Caulking A Tub, Shower, or Sink

Caulk can prevent mildew and mold from forming on your fixtures. Bathroom caulk seals your tub, sink and shower from water. But it does not last for forever. It will crack, peel, discolor and even shrink which could lead to water damage. Fresh caulk can transform your bathroom and make it look new again. Learning how to caulk properly can come in handy.

When To Re-Caulk

You should re-caulk when you see stains or cracks. If you delay your bathroom could get water damaged, which is very expensive to repair. If you can see mildew on the caulk it is best to remove it, kill the mildew and replace the caulk. You can kill mildew by making a baking soda and water paste. Apply the paste to the surface with a brush and clean. Also, hydrogen peroxide will kill mildew naturally.

Caulking A Tub, Shower, or Sink

Caulking A Tub, Shower, or Sink - Tidal Wave Response

These are the tools you need to caulk:

  • Caulk
  • Razor blade
  • Caulk gun
  • Caulk softener
  • Paper towel
  • Nail
  • Masking tape
  • Denatured alcohol

Note: If you use rubbing alcohol it can leave residue behind.

If your tub or sink needs to be caulked fill it first with water. This will expand the gaps so you caulk will get into the seams and create a better seal for your caulk. Use caulk that is made for bathrooms. Silicone caulk costs more but it does contain a mildew preventer.

Follow these steps to apply your caulk:

  • Remove all the old caulk first. Depending on what type of fixture you are working with you may be able to remove the caulk with a putty knife.  If the caulk proves to be more difficult to remove try using a razor blade. You can purchase caulk softener at your local hardware store to speed up the process from a home improvement store.
  • Work slow and steady. This is not a race. You want to make sure you are removing all of the old caulk.
  • Next clean the surface you want to re-caulk. Wet a paper towel with denatured alcohol to clean the tiles. Concentrate on the area that needs caulk. Be careful not to scratch your surface.
  • Dry the area with a paper towel.
  • Place masking tape on each side of where you want your new line to be. This will make your line look more professional and clean. There should around an eighth of inch on each side of the tape.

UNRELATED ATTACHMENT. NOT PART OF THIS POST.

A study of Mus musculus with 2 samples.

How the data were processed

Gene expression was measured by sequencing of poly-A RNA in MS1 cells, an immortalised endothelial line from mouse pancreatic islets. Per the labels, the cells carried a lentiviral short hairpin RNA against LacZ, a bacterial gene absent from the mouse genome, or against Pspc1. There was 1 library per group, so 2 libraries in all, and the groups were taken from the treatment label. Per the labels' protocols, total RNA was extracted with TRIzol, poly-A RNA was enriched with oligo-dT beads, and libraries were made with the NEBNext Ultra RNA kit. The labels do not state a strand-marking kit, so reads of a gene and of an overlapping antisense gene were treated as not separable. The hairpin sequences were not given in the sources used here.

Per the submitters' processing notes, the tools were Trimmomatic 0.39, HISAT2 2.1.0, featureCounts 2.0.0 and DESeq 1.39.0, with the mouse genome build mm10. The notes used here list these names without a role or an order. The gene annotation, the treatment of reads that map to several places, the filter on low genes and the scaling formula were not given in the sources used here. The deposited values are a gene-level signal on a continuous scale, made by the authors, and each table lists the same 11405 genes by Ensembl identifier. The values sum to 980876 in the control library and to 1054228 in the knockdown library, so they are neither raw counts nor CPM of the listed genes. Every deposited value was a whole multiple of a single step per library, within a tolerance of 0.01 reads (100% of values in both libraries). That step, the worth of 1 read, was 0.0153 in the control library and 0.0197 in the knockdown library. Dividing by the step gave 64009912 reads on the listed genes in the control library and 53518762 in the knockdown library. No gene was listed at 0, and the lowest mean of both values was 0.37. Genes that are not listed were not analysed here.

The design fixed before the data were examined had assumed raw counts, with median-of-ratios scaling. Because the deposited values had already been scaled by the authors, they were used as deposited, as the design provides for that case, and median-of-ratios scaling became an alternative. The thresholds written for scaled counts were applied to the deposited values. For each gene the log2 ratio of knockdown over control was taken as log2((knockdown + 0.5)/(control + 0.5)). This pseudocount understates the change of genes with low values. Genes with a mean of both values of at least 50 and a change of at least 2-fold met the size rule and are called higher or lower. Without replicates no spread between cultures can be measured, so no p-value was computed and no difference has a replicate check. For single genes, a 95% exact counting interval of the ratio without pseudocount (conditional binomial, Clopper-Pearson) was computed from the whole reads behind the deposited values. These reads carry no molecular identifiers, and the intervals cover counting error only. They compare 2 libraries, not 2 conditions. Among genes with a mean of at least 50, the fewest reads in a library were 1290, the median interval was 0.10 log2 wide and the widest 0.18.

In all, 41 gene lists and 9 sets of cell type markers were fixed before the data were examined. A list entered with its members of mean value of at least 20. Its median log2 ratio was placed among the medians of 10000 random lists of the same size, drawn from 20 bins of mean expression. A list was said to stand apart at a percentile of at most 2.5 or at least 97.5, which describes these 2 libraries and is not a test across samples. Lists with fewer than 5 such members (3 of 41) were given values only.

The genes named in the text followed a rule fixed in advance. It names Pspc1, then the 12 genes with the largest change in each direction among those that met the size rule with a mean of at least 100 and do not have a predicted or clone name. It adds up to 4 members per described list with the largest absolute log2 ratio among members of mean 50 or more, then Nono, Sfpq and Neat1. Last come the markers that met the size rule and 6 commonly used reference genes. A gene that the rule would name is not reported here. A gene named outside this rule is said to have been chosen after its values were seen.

• You will need to puncture the caulking tube. A long thin nail works best for this. Use a caulking gun to open the tube and start the process
  • Hold the caulk tub over a trash can to point to downward to fill the tip full of caulk. The caulk should flow easily out, not drip. Apply light pressure to the tube.
  • Drag the tip of the gun along the crack. Try to match your application speed with the speed the caulk is coming out of the tube. You should not stop until you reach a corner. Use a single steady motion.
  • If you need to stop your application, do not forget to ease up on the pressure on the tube. If not, caulk will continue to flow out, making your application look messy.
  • Wipe the tube tip clean after each application with a paper towel.
  • Do not panic if you notice any excess or thin spots these can be easily fixed.
  • Clean the excess caulk by smoothing it out with your finger. Dip your finger in water and run down the caulk line to smooth it out. The extra caulk will seep into the cracks, helping to create a better seal
  • Wipe your finger clean and re-wet it several times. . Keep extra paper towels nearby to wipe off your finger.
  • If you prefer, you can wrap your finger in a paper towel and smooth out the caulk. Make sure you are not putting the excess caulk on the tiles.
  • If you have an area that did not get enough caulk, apply a single bead of caulk there and immediately smooth it out.

How To Finish The Job

Most caulk will dry very quickly. So if the excess dries onto the tile use a razor blade to clean that area up. Make sure you do not damage the seal you have created. If you do not like your first application of caulk, wipe it off before it dries and reapply.